Adopted in Paris in 1948 by the UN General Assembly, the Universal Declaration of Human Rights states in Article 24: “Everyone has the right to rest, to enjoy free time, to a reasonable limitation on the duration of work and periodic paid vacations”. These are clearly connected concepts, so some are the consequence of others. Without a limited duration of work and without vacations, rest would not be possible, much less the enjoyment of free time.
However, the concept of free time and leisure are not equivalent. Whilst the first is the time left after fulfilling our obligations, whether they are work-related, social or vital ones, leisure is defined as a way of dealing with free time. We can have free time and do nothing or, on the contrary, undertake activities to enjoy it, such as spending a day in a water park, visiting a theme or adventure park, learning in an animal park… Precisely, our job is to propose fun, entertaining, constructive ways of enjoying free time, which takes a qualitative step up and becomes leisure.
As defined in the Dictionary of the Spanish Royal Academy, “Leisure” is “fun or quiet occupation, especially in works of ingenuity, because these are regularly taken for rest from other tasks.” Indeed, incessant technical and technological advances, the inclination of the balance of production towards the services sector, as well as the general recognition of human rights in industrialized societies, favour the reduction of working hours. As a consequence, leisure becomes increasingly important in the lives of its citizens.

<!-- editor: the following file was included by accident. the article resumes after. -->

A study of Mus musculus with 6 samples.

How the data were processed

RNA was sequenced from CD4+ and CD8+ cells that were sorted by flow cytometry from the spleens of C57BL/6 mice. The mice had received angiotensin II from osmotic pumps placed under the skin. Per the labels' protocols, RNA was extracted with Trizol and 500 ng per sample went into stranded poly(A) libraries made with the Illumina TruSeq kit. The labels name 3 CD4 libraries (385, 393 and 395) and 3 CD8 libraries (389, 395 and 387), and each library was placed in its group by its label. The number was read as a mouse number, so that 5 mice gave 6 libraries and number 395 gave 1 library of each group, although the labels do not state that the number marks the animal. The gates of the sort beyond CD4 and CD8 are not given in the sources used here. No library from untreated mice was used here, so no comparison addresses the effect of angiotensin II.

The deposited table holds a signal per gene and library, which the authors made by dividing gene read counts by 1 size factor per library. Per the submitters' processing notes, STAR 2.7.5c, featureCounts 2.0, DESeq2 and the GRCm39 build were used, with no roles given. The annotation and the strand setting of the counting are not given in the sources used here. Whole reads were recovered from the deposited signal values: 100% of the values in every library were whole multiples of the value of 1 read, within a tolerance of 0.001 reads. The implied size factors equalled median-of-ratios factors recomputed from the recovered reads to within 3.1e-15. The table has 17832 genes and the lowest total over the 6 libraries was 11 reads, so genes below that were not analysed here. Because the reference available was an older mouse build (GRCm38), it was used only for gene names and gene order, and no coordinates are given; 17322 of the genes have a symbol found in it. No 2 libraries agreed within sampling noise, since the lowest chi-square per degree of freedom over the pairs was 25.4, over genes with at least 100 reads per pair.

This growing importance is quantitative, since it implies more time dedicated to leisure, but it’s also qualitative. Several modern studies show that people who work more than 55 hours per week are about 13% more likely to have a heart attack and 33% more risk of stroke than those who work 35 to 40 hours per week. In other words, free time in general is decisive for society’s good health and well-being. However, in particular, and according to experts, doctors, psychologists and neurologists, leisure has added benefits: it favours personal and social growth; it helps economic development, since it creates employment, goods and services; increases productivity at work; combats dissatisfaction, stress and boredom; and encourages creativity, in addition to reducing alienation.
As we say, that is what our work, and that of everyone with whom we collaborate in the leisure industry, consists of; offering good reasons for the use of free time. We are pleased and excited to be part of it and verify that our work contributes to society’s development and well-being.